Because I am half Filipino, I get a lot of inquiries about my ethnicity. I look kind of Asian, maybe a little Latina, but not quite enough for people to guess. When I explain my Filipino background, many people then ask if I know how to make lumpia.
Apparently lumpia is to Filipinos what tacos are to Mexicans and pasta is to Italians.
If you claim to be Filipino and answer no when asked if you can make lumpia, I’m pretty sure you get added to a watchlist somewhere where a Filipino with great authority is just looking for a reason to revoke your Filipino race card.
Even my mother who hates to cook can whip up this national culinary treasure.
Well, after years of lying, I decided it would probably be easier to actually make lumpia than to continue to come up with excuses about why I never make it.
Plus, my teenage son had a date where the girl’s family taught him to make chimichangas (one of their family’s traditional dishes) and for some reason, it seemed logical to me that we should invite her over to learn the Filipino equivalent, nevermind the small detail that I’d never made them before.
My Mom’s Secret Recipe
I consulted with my mother to learn her secret recipe. “Pork sausage and green onions.” Um, I know I’m the novice here, but I knew enough to know that the recipe should involve a few more details than two ingredients, quantities unknown.
On the box of the lumpia wrappers was a recipe that called for the same two ingredients plus some shredded carrots, garlic, and soy sauce. Now I had some measurements, but I still felt the recipe was lacking.
Recipe From The Lumpia Wrapper Box
So, I embellished the recipe from the box and tweaked all the measurements so I could work in more of the ingredients I wanted to include and ended up with some darn good lumpia!
It’s stuffed with vegetables so I felt like I scored a nutritional coup with the kids and they felt like they were getting spoiled because they got a rare treat–something that was deep-fried.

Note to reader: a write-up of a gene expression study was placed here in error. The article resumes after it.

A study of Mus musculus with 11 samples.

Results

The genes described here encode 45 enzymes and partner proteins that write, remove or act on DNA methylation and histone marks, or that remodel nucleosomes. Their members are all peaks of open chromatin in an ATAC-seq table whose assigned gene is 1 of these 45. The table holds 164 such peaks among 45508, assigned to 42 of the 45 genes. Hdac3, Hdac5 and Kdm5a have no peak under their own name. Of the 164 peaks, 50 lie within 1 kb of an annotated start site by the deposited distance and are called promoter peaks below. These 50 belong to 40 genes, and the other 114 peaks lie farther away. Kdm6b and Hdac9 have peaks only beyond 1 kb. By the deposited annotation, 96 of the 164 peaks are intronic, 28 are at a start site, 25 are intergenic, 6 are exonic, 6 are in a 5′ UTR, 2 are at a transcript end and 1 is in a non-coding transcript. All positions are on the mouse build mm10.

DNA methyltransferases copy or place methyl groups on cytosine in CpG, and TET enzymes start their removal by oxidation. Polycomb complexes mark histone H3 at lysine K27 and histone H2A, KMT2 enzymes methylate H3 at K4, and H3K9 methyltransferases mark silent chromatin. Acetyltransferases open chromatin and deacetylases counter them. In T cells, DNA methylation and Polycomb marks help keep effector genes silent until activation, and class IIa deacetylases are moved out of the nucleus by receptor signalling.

Next time I might just spray them with a little olive oil and bake them to take the health factor up a notch, but I’m not going to recommend it until I’ve tried it and had success.
Here’s the recipe I came up with.
Lumpia (Filipino Egg Rolls)
- 1 lb pork sausage
- 1 cup shredded carrots
- 1 cup broccoli slaw
- 1 cup sliced fresh mushrooms
- 1 bunch of green onions diced
- 1 T garlic powder
- 2 teaspoon rice wine vinegar
- 1 teaspoon soy sauce
- 2 cups vegetable or canola oil
- 1 pkg lumpia wrappers or spring roll wrappers
- Brown pork sausage in 10 inch skillet. Drain fat.
- Add remaining ingredients except oil to skillet and stir well.
- Cook pork and vegetable mixture for 5-6 minutes to soften vegetables. Remove from heat and let cool slightly.
- To form lumpia, lay out a wrapper and place 3-4 tablespoons of the sausage/vegetable mixture lengthwise across the wrapper about 1-inch from the bottom edge, making sure to leave at least 1/2-inch on each end clear.
- Fold the bottom edge over the filling, then fold in each side.
- Roll the wrapper slowly towards the top edge, keeping the roll as tight as possible.
- Moisten the top edge with water to seal the roll closed.
- Place oil in a heavy skillet so it is about 1/2 inch deep. Heat over medium heat for 5 minutes.
- Add 4-5 lumpia rolls to the oil and fry for 1-2 minutes on each side.
- Remove lumpia to paper towel lined plate to drain.
- Serve with soy sauce and/or rice wine vinegar.
- Heat oil in a separate skillet over medium heat.